Why hiring women in technology is even more important in a post-COVID world

March 8, 2021 in Centriq News, IT Career Program / by Jenna Beckett

The 2021 celebration of International Women’s day is one that will likely be the most somber in recent history. We are going into March 8th with the harsh reality of the effects COVID-19 has had on the work force and how those effects disproportionately impact women. Smithsonian Magazine reports that between August and September of 2020, 865,000 women left the workforce completely. This exodus can largely be attributed to the increased domestic burden placed on women when schools around the country moved to a virtual learning model. When compared to the 216,000 men who left the workforce in the same period, the differences are disheartening to say the least.

An examination of data from the U.S. Bureau of Labor Statistics reveals that at the height of the pandemic (April 2020) the unemployment rate for women was 16.1%. During the same period, men faced an unemployment rate of 13.1%. The degree of economic hardships faced by women during the COVID-19 economy vary when examining different demographic groups. Black and Hispanic women, groups that are still largely underrepresented in the workforce today, were hit the hardest with unemployment rates of 16.4% (Black women) and 16.7% (Hispanic women).

While the unemployment rates have improved, what we have learned from these unprecedented circumstances is that the gains women have made in the workplace in recent history are vulnerable. A key factor in the inequity in unemployment rates is the prominence of women in industries that support traditional gender roles. These industries also happen to be those that were hit the hardest by the pandemic like domestic work, retail, restaurant, childcare, and personal care services. Additionally, the fact that women are less likely to hold seniority means that they are more likely to be laid off.

So what can women do to make up for the workforce losses experienced during COVID-19 and increase stability in those gains? They can secure their place in the workforce that is ushering in the 4th Industrial Revolution, the Tech industry. Throughout the pandemic we have been forced to adapt to a new reality where distance is key. This has essentially lit an accelerant on digital transformation. Developing and supporting technologies that will enable us to create human connections virtually is of vital importance. However, for these technological advancements to be effective they must work for the population at large.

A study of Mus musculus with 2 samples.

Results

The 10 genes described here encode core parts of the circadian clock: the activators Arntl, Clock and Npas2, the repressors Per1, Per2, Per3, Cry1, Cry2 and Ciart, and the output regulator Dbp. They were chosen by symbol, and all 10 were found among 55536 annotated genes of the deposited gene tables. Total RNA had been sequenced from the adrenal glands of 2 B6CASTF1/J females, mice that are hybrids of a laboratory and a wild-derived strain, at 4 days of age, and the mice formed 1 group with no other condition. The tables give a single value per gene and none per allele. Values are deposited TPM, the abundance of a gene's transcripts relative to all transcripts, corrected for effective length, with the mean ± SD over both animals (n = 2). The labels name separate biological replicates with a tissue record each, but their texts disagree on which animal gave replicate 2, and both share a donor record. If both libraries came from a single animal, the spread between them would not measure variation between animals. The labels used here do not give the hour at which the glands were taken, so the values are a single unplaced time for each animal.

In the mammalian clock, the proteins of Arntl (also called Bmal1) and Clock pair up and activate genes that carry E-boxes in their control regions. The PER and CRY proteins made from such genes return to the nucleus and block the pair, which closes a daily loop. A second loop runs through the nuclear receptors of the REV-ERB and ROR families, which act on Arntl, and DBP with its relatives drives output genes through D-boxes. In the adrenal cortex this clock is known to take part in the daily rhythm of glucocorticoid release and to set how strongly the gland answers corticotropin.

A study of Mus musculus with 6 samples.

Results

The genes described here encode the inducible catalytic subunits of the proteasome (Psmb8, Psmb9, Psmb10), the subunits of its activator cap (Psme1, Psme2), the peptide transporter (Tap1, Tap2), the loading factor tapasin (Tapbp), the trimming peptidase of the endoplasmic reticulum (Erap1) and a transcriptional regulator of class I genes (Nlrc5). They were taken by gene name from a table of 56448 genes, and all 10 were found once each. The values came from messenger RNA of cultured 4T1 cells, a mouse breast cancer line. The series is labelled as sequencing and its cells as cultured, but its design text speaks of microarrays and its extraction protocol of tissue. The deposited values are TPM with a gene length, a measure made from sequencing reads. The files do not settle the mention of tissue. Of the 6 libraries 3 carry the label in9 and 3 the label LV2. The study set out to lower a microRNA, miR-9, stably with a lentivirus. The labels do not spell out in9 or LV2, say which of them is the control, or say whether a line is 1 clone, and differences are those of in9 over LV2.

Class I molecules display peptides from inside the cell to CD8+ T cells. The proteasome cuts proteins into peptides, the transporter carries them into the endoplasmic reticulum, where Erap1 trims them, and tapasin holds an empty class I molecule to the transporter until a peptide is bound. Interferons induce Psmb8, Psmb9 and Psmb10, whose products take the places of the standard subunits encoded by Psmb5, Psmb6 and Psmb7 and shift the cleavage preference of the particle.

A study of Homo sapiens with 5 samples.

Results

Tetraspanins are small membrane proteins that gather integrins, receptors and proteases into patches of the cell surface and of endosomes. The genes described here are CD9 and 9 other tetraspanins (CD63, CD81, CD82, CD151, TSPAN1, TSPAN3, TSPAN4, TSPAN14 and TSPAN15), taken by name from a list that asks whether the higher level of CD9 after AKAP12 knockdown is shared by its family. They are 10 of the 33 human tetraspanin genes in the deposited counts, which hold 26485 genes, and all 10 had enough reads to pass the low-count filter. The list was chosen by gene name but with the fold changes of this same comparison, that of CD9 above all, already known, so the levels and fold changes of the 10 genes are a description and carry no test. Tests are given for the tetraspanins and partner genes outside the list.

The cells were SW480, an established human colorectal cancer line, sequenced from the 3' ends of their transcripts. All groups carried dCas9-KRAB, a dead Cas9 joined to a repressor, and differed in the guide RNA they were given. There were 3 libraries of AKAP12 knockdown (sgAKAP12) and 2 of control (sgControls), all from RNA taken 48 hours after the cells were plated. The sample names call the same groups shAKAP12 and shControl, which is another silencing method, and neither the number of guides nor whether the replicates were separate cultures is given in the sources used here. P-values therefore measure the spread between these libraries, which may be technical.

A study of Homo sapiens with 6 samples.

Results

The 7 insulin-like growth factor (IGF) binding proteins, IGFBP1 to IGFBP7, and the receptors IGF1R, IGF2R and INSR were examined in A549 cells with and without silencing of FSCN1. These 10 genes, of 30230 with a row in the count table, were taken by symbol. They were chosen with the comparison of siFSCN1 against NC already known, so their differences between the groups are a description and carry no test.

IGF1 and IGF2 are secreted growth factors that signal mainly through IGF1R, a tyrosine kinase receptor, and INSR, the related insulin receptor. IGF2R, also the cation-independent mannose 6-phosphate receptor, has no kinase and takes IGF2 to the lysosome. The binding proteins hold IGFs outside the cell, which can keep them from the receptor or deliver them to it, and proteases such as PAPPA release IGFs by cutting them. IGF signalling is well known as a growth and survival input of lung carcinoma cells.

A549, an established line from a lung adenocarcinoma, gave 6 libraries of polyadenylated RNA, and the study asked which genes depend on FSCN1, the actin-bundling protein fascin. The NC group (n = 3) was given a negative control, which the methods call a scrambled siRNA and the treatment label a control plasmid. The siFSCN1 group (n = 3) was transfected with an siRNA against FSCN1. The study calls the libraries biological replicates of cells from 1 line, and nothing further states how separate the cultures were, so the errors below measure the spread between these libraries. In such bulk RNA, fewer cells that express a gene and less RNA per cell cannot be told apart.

Many studies have shown that teams that are made up of a diverse group of individuals from different backgrounds are the most effective. When the people who are writing the technology are not reflective of the people who will be using the technology, then segments of the population are bound to be alienated. Therefore, it is important for women to have a voice in these advancements because they will be contributing to the societal design of the future.

The tech industry can also insulate the female workforce by introducing more flexibility. As an industry, technology traditionally held higher rates of remote work policies prior to the pandemic. The success of the COVID-19 remote workforce has led some of the biggest tech companies to commit to remote work policies beyond the social distancing restrictions we face now. The increase in remote workers could also potentially lead to the breakdown of Silicon Valley’s prominence as companies expand their talent search far beyond the Bay Area. This removes yet another entry barrier to the industry, as you no longer must reside in a certain area to grab coveted position at some of the biggest names in technology.

Having women in the tech workforce today influences what the industry will look like in future generations. The lack of diversity in the tech industry is something that has been well documented. According to a 2020 report from TrustRadius, women in technical positions (specifically engineering) are still outnumbered 5 to 1. While strides have been made to increase diversity and inclusion in the tech workforce, women are still largely underrepresented in an industry that has a high degree of power in designing what society will look like in the future.  The outlook for improvement in these statistics is somewhat bleak. According to ComputerScience.org, as of 1984 37% of all Computer Science Bachelor’s Degree recipients were women, but that number has since declined to 18%. A key factor in the decline in interest young girls have in technology starting in middle school is the lack of representation they see in the industry.

While this year’s celebration of International Women’s Day may not be as joyous, it should be hopeful. The tech industry is a workforce that has remained largely resilient during the pandemic and it is one that is expected to see future growth. Additionally, this industry is and will continue to be a key player in the 4th Industrial Revolution which we are currently at the precipice of. As we continue to see the entry barriers to this industry be torn down, it becomes not only a viable venue option for a female workforce revolution but also one that can insulate the workforce against future losses.